I dont necessarily have to do anything with it. But it looks a little overly fertilized (i havent fertilized anything) when it gets stagnant up top so I thought of maybe trying to move the water along faster, and I also thought of making a pool at some part (not swimming pool a pool at the top part would have readily available water for an annual garden over there. 

I'm a little concerned where the extra nutrients are coming from and im basing that on algae.

If I pooled it say at the bottom right before the swamp I could make a little pond and I could consider a little pump system and send the water back up to the top of the property or stream when the spring dries up a bit. for either aesthetic or utilitarian purposes. I figure since a good deal of water in the surrounding area ends up in my little swamp any water i pump back up will remain on my property.

Part of why I feel as if i should alter the path of the water a bit is that its not always clearly defined. It might save me some space to dig it out (and berm it up) a bit, but i run the risk of causing to much pooling if i dont do it correctly. i probably dont have the time to really alter the slope.

I thought of sinking a rubbermaid container into the ground with holes in it up by the annual bed to allow the water to collect into it. Although im not sure about the danger in using a container like that.

One other factor is that there are currently some trees shading this area that will be removed. (a whole other discussion on aspen removal, im up for the task, big tooth aspen really does have some beautiful bark.) i wonder if the removal of these will greatly alter the dryness of that stream

Not trying to be wordy, and its not really a pressing matter i got some other things to do. but i find myself thinking about it a bit. anyone got any sources on this topic?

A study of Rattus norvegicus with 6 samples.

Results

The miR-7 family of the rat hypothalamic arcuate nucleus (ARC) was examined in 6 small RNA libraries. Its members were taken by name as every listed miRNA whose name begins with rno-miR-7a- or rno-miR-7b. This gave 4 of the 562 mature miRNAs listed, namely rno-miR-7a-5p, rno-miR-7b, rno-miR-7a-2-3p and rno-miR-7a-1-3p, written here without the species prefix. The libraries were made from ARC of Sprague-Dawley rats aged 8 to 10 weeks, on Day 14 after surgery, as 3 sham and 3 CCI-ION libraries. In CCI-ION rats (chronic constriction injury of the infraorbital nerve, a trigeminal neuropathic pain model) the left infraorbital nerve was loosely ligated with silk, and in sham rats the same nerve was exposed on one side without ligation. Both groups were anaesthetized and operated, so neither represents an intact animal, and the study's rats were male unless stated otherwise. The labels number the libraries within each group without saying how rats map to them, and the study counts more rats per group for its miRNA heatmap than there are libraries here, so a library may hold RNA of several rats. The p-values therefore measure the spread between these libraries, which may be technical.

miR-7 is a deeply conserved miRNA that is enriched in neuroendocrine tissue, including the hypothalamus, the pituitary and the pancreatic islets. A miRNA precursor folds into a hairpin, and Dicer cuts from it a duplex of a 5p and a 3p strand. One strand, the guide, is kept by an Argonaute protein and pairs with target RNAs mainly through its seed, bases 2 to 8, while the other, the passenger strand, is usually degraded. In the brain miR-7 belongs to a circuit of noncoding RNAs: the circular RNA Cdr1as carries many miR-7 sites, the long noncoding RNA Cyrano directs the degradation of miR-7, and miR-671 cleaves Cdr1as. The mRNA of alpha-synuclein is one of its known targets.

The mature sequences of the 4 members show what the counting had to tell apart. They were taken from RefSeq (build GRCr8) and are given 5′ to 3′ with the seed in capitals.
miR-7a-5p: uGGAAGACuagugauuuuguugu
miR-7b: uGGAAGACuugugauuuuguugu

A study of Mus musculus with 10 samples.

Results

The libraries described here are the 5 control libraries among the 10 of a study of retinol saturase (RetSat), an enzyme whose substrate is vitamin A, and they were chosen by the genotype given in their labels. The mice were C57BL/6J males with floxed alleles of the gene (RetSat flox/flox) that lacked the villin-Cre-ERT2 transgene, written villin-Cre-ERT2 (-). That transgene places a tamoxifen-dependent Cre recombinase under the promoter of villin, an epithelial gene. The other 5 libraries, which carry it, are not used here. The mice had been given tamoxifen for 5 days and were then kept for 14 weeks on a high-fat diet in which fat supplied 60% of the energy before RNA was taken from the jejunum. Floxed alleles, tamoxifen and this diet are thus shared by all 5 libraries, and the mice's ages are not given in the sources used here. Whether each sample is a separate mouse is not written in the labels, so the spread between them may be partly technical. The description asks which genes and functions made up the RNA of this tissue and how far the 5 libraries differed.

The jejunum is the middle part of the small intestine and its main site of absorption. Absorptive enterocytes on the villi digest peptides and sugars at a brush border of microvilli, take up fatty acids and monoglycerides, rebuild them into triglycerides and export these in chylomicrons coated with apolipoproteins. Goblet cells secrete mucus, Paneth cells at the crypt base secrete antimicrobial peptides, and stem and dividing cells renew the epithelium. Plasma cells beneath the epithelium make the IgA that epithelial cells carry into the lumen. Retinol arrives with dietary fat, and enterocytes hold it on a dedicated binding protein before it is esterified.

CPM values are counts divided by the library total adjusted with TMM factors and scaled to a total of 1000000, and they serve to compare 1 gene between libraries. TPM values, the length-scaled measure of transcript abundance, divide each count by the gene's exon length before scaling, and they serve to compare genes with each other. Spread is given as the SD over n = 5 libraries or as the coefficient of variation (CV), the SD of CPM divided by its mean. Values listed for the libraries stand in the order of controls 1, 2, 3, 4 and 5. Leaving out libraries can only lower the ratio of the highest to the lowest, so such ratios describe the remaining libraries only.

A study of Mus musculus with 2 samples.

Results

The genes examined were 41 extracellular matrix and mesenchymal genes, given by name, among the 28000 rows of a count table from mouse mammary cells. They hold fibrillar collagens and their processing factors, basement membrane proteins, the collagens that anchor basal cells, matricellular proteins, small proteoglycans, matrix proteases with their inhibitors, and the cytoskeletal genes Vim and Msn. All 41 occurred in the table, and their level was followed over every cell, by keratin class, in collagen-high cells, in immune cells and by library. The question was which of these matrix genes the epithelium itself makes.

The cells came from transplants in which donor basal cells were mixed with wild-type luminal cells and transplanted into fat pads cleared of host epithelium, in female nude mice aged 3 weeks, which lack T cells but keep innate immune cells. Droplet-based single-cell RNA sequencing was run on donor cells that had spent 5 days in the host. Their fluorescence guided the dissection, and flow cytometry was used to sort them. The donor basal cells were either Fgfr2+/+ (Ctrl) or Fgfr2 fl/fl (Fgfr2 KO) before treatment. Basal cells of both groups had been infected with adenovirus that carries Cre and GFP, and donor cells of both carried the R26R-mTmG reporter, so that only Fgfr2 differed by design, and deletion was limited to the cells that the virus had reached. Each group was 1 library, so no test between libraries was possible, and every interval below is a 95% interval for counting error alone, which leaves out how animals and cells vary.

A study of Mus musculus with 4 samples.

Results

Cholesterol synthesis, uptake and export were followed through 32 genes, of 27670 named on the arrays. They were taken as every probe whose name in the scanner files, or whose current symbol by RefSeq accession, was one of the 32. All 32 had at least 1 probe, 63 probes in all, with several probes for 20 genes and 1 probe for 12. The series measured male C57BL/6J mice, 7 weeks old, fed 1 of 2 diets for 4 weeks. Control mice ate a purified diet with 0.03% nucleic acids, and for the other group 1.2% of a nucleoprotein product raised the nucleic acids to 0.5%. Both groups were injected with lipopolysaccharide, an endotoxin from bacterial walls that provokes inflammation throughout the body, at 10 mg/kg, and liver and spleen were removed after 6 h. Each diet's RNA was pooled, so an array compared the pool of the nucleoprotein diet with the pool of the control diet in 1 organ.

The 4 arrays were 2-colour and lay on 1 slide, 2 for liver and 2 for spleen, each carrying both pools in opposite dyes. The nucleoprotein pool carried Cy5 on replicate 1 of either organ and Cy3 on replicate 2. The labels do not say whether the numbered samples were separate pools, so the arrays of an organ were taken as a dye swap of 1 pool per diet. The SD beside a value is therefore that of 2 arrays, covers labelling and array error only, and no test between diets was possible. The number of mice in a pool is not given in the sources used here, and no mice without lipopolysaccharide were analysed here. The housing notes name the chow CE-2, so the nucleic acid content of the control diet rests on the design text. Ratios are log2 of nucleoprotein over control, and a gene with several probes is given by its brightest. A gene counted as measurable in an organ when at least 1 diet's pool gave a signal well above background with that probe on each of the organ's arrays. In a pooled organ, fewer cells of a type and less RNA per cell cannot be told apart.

Tyler Ludens
pollinator

http://www.sungravity.com/bulletin__3.html

http://www.prlog.org/10200081-natural-water-source-enhancement-new-spring-development-manual-step-by-step-guide.html

There was an article I saw awhile ago about how to get a feeble spring to produce a better flow, but darn it I can't find it again! 
 
John Polk
 
                    
Water rights laws vary from state/state, but you should look into your area's laws.  If somebody downstream from you has deeded water rights to your stream, you could find yourself owing them a lot of money for "their" water that you denied them from using.  Just a thought.



i think this is highly unlikely, based on my sistuation. there is not nearly enough water exiting my property for someone to be expecting it. i live in a wet valley and at a valley in that valley. on top of that there are real streams and brooks around me not my sloping meadow and eventual swamp.

thanks tho ill keep it in mind.

i dont much wanna be another who makes a lake out of his swamp to the detriment of my ecosystem. ive always enjoyed swampland i am only really considering altering the stream before it lands in the swamp and the swamp so far as changing some of its overstory and understory. why should it have no cottonwoods? not an entirely useful species. but i have no need for a million red maples aspen and the occasiona white pine getting ready to be flooded out
 
                    
Not sure how "developed" you want to go with the spring.  I'm looking for some references on how to get a spring to run better or to form a pool, etc.

http://www.sungravity.com/bulletin__3.html

http://www.prlog.org/10200081-natural-water-source-enhancement-new-spring-development-manual-step-by-step-guide.html

There was an article I saw awhile ago about how to get a feeble spring to produce a better flow, but darn it I can't find it again! 


thanks for the sources il check them out. but now i gotta get working for the day. hmmm protect plants or plant potatoes and chestnuts? finish the hugel? call the fence guy? UGH someone send me laborers!!!